Every year June 21 is celebrated worldwide as World Music Day to mark the impact of music in our lives. The celebration of the day began with the inception of the Fête de la Musique in France in 1982. It was introduced to celebrate music through street performances and free concerts. Since then it has gradually acquired exposure and spread to many cities and countries worldwide.
Music has always been an important part of Indian lives and with its rich cultural diversity, it has provided the world with various forms of folk music. While Indian classical music displays the art of music, the folk music of India reflect the way of life in Indian society. They are influenced by many things like region, festivals, professions and even seasons. Even though folk music may seem to have lost its shine against the new arising music forms, but still even today the traditional events are incomplete without them. Here is a list of few forms of folk music which reflect the Indian culture:
Lavani is a popular genre of music in west-Indian state of Maharashtra which is generally performed by women accompanied by foot-tapping dholki (a percussion instrument) beats. It is a combination of traditional song and dance and is often used in theatrical performances with socio-political or sensually charged lyrics.
Originally performed for entertainment and as morale booster for soldiers during the 18th and 19th century, lavani came into prominence during the Peshwa rule. Lavani songs which are sung along with dance are divided into two types- Nirguni Lavani, which is devotional and philosophical in nature and Shringari Lavani, which is sensual and is meant to draw laughter from its listeners with the erotic subject matter. Performed by women in bright-coloured nine-yard saris called nauvari, the music has also been implemented in Bollywood movies.
This folk music from the state of Assam in north-east India is performed during Bihu celebrations in a year depending on the crop cycle. Initially it was performed only during Rongali Bihu, but nowadays it is also performed at the other two Bihus (Bhogali bihu, Kati bihu), and even in social events. This folk music is also accompanied by dance and is performed by young boys and girls dressed in traditional garbs. The performance is distinguished by the composition of performers- Husori (when a group of boys and girls perform together) and Jeng Bihu (when only a group of girls perform).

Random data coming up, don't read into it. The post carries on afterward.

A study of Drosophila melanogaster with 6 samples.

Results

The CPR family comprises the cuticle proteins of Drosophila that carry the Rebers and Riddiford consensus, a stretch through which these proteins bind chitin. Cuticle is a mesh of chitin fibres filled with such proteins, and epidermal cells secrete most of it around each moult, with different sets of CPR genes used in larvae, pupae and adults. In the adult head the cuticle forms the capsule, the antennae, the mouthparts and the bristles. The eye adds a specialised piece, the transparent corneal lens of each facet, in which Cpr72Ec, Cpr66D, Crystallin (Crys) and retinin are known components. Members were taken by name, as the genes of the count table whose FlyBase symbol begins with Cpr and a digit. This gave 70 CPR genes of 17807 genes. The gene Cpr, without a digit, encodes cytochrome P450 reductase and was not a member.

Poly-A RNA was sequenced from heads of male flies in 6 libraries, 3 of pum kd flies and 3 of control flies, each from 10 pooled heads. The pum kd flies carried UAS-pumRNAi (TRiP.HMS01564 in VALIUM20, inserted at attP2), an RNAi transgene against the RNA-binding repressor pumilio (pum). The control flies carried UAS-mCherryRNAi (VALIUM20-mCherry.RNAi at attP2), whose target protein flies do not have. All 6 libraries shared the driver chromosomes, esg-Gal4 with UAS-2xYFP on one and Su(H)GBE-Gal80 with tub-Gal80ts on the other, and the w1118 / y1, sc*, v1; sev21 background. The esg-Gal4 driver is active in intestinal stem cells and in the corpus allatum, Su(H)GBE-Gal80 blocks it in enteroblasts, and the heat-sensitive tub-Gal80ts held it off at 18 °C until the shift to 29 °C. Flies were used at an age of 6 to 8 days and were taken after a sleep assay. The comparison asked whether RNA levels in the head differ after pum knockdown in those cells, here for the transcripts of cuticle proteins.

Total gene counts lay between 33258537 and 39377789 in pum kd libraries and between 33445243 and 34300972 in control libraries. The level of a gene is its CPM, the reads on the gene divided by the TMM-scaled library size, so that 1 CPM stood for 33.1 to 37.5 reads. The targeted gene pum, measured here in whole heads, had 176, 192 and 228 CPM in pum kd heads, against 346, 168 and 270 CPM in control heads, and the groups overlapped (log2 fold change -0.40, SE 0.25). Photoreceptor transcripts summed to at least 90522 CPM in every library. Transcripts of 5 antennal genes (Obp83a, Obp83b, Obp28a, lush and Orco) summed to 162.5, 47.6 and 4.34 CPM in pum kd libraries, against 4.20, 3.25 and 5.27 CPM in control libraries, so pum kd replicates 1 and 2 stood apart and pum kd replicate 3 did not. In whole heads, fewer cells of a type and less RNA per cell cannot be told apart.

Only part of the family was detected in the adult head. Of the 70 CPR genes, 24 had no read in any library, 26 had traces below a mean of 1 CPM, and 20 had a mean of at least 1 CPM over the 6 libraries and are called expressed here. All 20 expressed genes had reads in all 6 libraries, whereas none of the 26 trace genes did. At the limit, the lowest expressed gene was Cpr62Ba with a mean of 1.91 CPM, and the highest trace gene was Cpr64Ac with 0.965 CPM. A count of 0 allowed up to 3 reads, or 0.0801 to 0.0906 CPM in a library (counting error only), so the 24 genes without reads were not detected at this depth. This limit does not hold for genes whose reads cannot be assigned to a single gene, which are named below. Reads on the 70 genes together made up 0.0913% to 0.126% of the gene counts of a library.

One of the oldest versions of Assamese folk-song, Bihugeet talks about nature, life in farmland, love and relationships, social messages and even stories. It is accompanied by various unique musical instruments like dhol (drum), pepa (hornpipe), gogona (jaw harp), taal (cymbals), toka, xutuli and banhi (flute).
Part of the culture of rural West Bengal (east India), the word Baul originates from Sanskrit words Vatula (madcap) or Vyakula (restless) and means divine inspired insanity and is dated back to 15th century. Accompanied with musical string-instruments such as Khamak, Ektara and Dotara, the Baul singers sing songs inspired by Hinduism as well as Sufism as they travel around in search of philosophical enlightenment.
The songs are mostly philosophical and allegorical in nature and talk about love, nature and the divine. They even narrate folktales and comment on contemporary issues through their lyrics.
A popular folk music in the south-Indian state of Tamil Nadu, Villu Paatu is an ancient form of musical story-telling. Known by the name of ‘Bow Song’ due to the use of the musical instrument villu (bow fixed with bells), the music illustrates about social messages and mythological themes. The main singer narrates a tale which is interspersed with songs sung by the chorus accompanying him. This folk music is equally appealing to village community and the urban section of the society and portrays the cultural heritage of the state.
The folk songs of the north-Indian state of Uttarakhand mainly refer to the traditional and contemporary songs of Kumaon and Garhwal regions in the foothills of Himalayas. Often performed during festivals and religious gatherings, the songs convey the beauty of nature in the region and bravery of historical characters and folktales.
The folk songs of the state are divided according to occasions like religious songs, auspicious songs, heroic narrative songs, seasonal songs and songs about love and romance and are performed with musical instruments like masakbaja (bagpipes), dhol, dholki, wind-instrument bhankora and ransingha (trumpet).
There are many other folk music forms found in India other than the above mentioned like West Bengal’s Bhatiali sung by boatmen, Maharashtra’s Koli sung by fishermen, Bhangra and Jugni from Punjab, Maand from Rajasthan and Pandavani in central and south-east Indian states.